Prota 11(1): Medicinal plants/Plantes médicinales 1
A.DC., Prodr. 15(2.2): 1219 (1866).
Excoecaria sylvestris S.Moore (1911).
Milky mangrove, red ears (En).
Origin and geographic distribution
Excoecaria madagascariensis occurs from Somalia south to Tanzania, and also in Zimbabwe, northern South Africa, Swaziland and Madagascar.
In Kenya the Giriama and Teita people use the plant sap in the preparation of hunting arrow poison, often in combination with the latex of Acokanthera schimperi (A.DC.) Schweinf. and the tuber of Dioscorea quartiniana A.Rich. The sap causes painful blisters when it touches the skin. The plants are very toxic to cattle and camels.
The wood is used as firewood and for charcoal production and also to make tool handles.
No chemical or pharmacological analyses have been carried out for Excoecaria madagascariensis, but several highly toxic alkaloids (excoecarins) and phorbol esters have been reported in other Excoecaria species.
Monoecious glabrous shrub or small tree up to 4(–7) m tall; bark rough or smooth, with colourless or milky latex. Leaves opposite, simple and entire; stipules triangular-ovate, c. 2.5 mm long, soon falling; petiole up to 1 cm long, channeled above; blade elliptical, elliptical-oblong to elliptical-oblanceolate, 4–17 cm × 2–6 cm, base cuneate, apex obtuse to emarginate, glossy and dark green above, reddish brown when young. Inflorescence an axillary spike in the upper leaf axils, 2–3 cm long, with only male flowers or with some female flowers at base. Flowers unisexual, regular, sessile, petals absent, disk absent; male flowers with 3 lanceolate sepals c. 0.5 mm long, acute, toothed, pale yellow-green or whitish, stamens 3, c. 1 mm long; female flowers with 3 rounded to ovate sepals c. 0.5 mm long, obtuse, toothed, ovary superior, 3-lobed, smooth, 3-celled, styles 3, fused at base, recurved. Fruit a 3-lobed capsule c. 1 cm in diameter, smooth, green, turning red or yellowish, 3-seeded. Seeds globose, c. 4 mm in diameter, smooth, greyish brown, mottled.
Excoecaria occurs in the Old World tropics and Pacific islands and comprises 35 species; about 6 species occur in continental Africa and about 5 in Madagascar. Formerly, many Excoecaria species were included in Sapium, which is now considered to be native only to the New World. Excoecaria bussei (Pax) Pax occurs in southern Africa. A root decoction is taken as an emetic. The plant sap is considered poisonous, and cattle do not browse the plant. Sometimes the seeds are chewed; they are tasteless at first but later produce a peppery, burning sensation, which lasts a long time. Most people consider them poisonous. The latex of Excoecaria benthamiana Hemsl. (‘bois charlot’, ‘bois jasmin rouge’), a rare endemic of the Seychelles, is a powerful vesicant and is applied externally to warts.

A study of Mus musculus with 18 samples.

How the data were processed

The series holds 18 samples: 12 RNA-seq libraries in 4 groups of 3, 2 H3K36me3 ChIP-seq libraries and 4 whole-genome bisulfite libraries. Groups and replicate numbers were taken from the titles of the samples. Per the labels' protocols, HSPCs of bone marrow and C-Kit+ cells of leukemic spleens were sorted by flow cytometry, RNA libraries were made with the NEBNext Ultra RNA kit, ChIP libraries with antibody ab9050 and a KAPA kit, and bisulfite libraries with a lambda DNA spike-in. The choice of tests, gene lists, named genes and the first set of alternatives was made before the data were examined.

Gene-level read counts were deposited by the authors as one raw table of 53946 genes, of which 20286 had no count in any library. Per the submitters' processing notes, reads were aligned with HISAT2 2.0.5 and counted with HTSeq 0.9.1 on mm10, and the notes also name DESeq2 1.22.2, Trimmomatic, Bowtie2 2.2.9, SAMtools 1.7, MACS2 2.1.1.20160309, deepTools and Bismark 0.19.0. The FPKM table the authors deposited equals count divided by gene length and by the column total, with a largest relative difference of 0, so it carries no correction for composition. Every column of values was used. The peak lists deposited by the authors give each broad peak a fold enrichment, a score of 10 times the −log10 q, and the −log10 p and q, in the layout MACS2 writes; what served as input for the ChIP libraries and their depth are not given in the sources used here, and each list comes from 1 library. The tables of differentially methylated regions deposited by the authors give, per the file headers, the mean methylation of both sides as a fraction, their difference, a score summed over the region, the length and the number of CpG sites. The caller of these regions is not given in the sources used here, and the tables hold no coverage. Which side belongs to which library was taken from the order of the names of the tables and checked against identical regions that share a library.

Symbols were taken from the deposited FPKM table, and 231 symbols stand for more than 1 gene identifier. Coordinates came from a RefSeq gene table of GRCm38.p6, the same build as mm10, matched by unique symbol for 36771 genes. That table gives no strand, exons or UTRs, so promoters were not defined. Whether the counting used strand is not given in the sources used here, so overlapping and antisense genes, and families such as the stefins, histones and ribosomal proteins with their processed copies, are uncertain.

Excoecaria madagascariensis occurs in thickets and evergreen forest, often on sandy soils along rivers, from sea-level up to 1850 m altitude.
Excoecaria madagascariensis can be propagated through wildlings and cuttings. It is moderately fast growing and can be pruned and pollarded.
Genetic resources and breeding
Excoecaria madagascariensis is locally common in East Africa and Madagascar, but in Swaziland there are indications that it is at risk of genetic erosion because of forest clearing and invasion of alien plants, such as Chromolaena odorata (L.) R.King & H.Rob. and Melia azedarach L.
The latex of Excoecaria madagascariensis is very poisonous, but nothing is known about its chemical properties. As other Excoecaria species yield chemical compounds with interesting pharmacological activities, more research is warranted. Excoecaria madagascariensis is also considered a useful indicator of underground water and could be applied for soil erosion control in riparian areas.
Bethwell, O.O., 2008. Excoecaria madagascariensis (Baill.) Müll.Arg. In: Schmelzer, G.H. & Gurib-Fakim, A. (Editors). Prota 11(1): Medicinal plants/Plantes médicinales 1. [CD-Rom]. PROTA, Wageningen, Netherlands.